Sri Lanka's Tamil Tiger rebels have increased their numbers of child soldiers in spite of a ceasefire, the United Nations says.
The Tigers had pledged to end child recruitment
The UN's children's agency, Unicef, has urged the rebels to release about 1,300 children in the Tamil Tiger ranks.
The Tigers dispute the figures, saying the great majority of those counted as children by Unicef are over 18.
The BBC's Frances Harrison in Colombo says there is the real possibility that the child soldiers may fight again.
Twice this week the Tigers have warned the ceasefire could break down because of problems with the peace process.
Unicef on Thursday appealed to the Tamil Tigers to release the child soldiers it says they are holding.
The figure of 1,300 child soldiers was given in a report on child recruitment in 2003.
The report says the Tigers recruited more than 700 child soldiers last year, the youngest being just 10 years old.
Under the terms of Sri Lanka's two-year-old ceasefire, the Tigers can still recruit adult fighters.
But they have made several commitments not to take anyone under 18-years of age.
Our correspondent says that has been repeatedly flouted - with reports of school children being bundled into vans and driven away by the rebels.
Later on Thursday the Tamil Tigers said Unicef's figures on child soldiers were inaccurate.
A spokesman told the BBC Tamil service that the names submitted to the Tigers by Unicef, only 138 of them had birth certificates showing them to be under 18-years-of age.
The Tigers say they do not accept recruits without birth certificates.
The spokesman, Dayamaster, said the Tigers' leadership had promised to examine the cases of the 138 fighters under 18.
Centre almost empty
Last year Unicef and the Tamil Tigers agreed an action plan to rehabilitate child soldiers.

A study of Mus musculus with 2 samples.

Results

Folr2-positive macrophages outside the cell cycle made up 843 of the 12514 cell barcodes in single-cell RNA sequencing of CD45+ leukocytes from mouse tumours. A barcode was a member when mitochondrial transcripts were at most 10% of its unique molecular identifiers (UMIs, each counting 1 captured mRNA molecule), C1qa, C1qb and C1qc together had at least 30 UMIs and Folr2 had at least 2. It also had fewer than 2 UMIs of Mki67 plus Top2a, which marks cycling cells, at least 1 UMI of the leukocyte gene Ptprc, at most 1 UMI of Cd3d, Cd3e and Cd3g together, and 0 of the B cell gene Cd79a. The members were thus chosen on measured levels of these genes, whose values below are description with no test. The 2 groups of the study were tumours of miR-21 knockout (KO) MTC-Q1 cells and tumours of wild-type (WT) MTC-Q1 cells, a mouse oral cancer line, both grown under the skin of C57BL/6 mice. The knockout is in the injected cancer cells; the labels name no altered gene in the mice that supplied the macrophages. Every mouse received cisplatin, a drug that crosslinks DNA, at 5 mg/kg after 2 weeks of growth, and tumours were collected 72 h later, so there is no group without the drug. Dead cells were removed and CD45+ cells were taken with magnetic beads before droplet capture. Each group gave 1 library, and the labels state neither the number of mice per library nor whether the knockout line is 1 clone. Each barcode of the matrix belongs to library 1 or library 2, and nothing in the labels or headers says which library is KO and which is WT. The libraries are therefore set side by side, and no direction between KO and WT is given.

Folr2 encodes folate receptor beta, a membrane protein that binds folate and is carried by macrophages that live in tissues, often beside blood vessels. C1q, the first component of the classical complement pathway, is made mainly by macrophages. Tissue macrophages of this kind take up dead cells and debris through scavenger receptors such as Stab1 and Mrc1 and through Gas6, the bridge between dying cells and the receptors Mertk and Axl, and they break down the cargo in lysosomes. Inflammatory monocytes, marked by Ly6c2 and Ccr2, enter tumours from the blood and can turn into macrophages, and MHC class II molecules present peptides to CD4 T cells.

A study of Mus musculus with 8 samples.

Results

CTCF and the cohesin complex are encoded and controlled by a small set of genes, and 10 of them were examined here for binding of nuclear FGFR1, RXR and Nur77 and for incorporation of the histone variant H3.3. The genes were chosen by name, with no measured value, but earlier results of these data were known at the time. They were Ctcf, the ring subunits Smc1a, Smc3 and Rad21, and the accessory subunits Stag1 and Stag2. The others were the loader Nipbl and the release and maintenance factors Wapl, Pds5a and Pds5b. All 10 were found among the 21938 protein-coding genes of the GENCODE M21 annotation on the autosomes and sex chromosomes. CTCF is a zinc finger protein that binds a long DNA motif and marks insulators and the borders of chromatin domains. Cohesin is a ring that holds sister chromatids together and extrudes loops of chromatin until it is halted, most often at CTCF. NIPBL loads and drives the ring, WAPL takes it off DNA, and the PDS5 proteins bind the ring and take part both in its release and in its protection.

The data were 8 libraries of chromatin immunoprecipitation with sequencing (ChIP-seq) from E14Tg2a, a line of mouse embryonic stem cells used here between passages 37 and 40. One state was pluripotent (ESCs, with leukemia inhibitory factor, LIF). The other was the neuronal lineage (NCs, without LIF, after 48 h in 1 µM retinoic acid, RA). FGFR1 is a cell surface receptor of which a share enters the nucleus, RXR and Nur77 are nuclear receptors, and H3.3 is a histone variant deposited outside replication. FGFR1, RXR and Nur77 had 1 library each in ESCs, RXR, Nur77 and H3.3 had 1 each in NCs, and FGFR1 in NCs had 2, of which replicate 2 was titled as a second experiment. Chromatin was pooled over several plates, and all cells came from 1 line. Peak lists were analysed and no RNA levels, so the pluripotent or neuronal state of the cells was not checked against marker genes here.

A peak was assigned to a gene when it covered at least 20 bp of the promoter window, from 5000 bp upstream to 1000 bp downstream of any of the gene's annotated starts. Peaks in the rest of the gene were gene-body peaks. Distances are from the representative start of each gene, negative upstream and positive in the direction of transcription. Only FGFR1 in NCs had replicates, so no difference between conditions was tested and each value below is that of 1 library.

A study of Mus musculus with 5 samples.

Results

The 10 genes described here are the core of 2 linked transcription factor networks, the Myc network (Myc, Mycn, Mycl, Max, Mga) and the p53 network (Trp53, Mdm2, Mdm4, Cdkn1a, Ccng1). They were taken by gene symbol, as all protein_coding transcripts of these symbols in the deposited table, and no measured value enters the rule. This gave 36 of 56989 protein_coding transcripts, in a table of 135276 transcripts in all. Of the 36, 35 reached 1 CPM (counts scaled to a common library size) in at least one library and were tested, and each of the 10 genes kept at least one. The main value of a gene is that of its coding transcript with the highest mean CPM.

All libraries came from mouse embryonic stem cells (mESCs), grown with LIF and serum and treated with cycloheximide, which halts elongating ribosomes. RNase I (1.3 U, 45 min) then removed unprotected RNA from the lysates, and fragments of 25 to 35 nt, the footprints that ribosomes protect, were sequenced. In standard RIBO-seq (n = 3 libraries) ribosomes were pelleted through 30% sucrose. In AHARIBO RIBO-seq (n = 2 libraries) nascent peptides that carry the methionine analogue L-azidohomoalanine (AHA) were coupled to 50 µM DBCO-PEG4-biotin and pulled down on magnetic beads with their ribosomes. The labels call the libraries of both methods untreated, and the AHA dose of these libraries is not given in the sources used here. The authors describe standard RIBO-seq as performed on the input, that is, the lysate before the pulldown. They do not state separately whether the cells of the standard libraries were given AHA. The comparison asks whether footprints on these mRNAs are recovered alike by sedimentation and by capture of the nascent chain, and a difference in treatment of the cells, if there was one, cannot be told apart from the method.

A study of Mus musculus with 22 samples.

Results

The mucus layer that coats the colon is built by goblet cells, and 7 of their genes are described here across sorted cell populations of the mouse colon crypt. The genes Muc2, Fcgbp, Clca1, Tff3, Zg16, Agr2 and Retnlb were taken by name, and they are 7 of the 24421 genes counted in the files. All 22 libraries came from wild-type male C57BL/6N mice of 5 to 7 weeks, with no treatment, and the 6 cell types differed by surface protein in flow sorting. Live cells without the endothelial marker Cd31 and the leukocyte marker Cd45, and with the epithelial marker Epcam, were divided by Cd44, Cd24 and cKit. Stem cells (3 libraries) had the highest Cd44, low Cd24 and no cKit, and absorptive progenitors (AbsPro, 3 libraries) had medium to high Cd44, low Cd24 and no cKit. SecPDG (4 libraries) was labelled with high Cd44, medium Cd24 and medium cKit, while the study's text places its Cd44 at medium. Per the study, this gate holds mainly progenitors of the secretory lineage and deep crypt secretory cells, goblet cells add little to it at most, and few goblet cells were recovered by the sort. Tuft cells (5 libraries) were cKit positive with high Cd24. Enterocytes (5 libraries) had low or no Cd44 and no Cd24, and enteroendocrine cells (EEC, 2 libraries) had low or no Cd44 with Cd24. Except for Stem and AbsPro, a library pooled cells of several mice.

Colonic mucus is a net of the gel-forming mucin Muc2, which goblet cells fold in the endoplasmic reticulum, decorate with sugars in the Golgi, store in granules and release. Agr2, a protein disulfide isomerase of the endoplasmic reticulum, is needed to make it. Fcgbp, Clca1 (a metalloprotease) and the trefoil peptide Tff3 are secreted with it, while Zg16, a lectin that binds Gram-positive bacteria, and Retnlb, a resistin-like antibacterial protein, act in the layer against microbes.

There was much media interest in children freed in October
However, it is not being expanded as planned because so few children have been released by the rebels to the project.
A transit centre opened by Unicef in rebel territory last October to process released child soldiers now stands almost empty.
The centre only received 55 children in three months and most have been sent back to their parents or sent to live in children's homes.
Unicef says that until it sees a much greater level of commitment from the Tigers to releasing child soldiers, it will not open a second transit centre in the east of the island.
Our correspondent says it is clear the entire project is in jeopardy if the Tigers do not show they are serious about addressing the issue.
There is growing concern about the future of the Sri Lankan peace process.
On the government's side it has been led by Prime Minister Ranil Wickramasinghe who came to power on a pledge to end two decades of ethnic conflict.
But his moves towards the rebels have been consistently criticised by President Chandrika Kumaratunga.
Their differences erupted in November when President Kumaratunga dismissed three of his ministers and took direct control of the defence portfolio.
Since then the peace process has been stalled.
On Thursday, the Tigers said they would stay away from a conference of international aid donors because of the power struggle between the prime minister and the president.
The Tigers were invited to attend the aid talks - scheduled to take place on Friday - by Yasushi Akashi, a special envoy from Japan, the biggest of Sri Lanka's donor nations.
A statement on the pro-Tamil website, Tamilnet.com, quoted the Tigers' political leader, SP Thamilselvan, as saying their participation in the aid talks at this stage would sow "doubts in the minds of the Tamil people".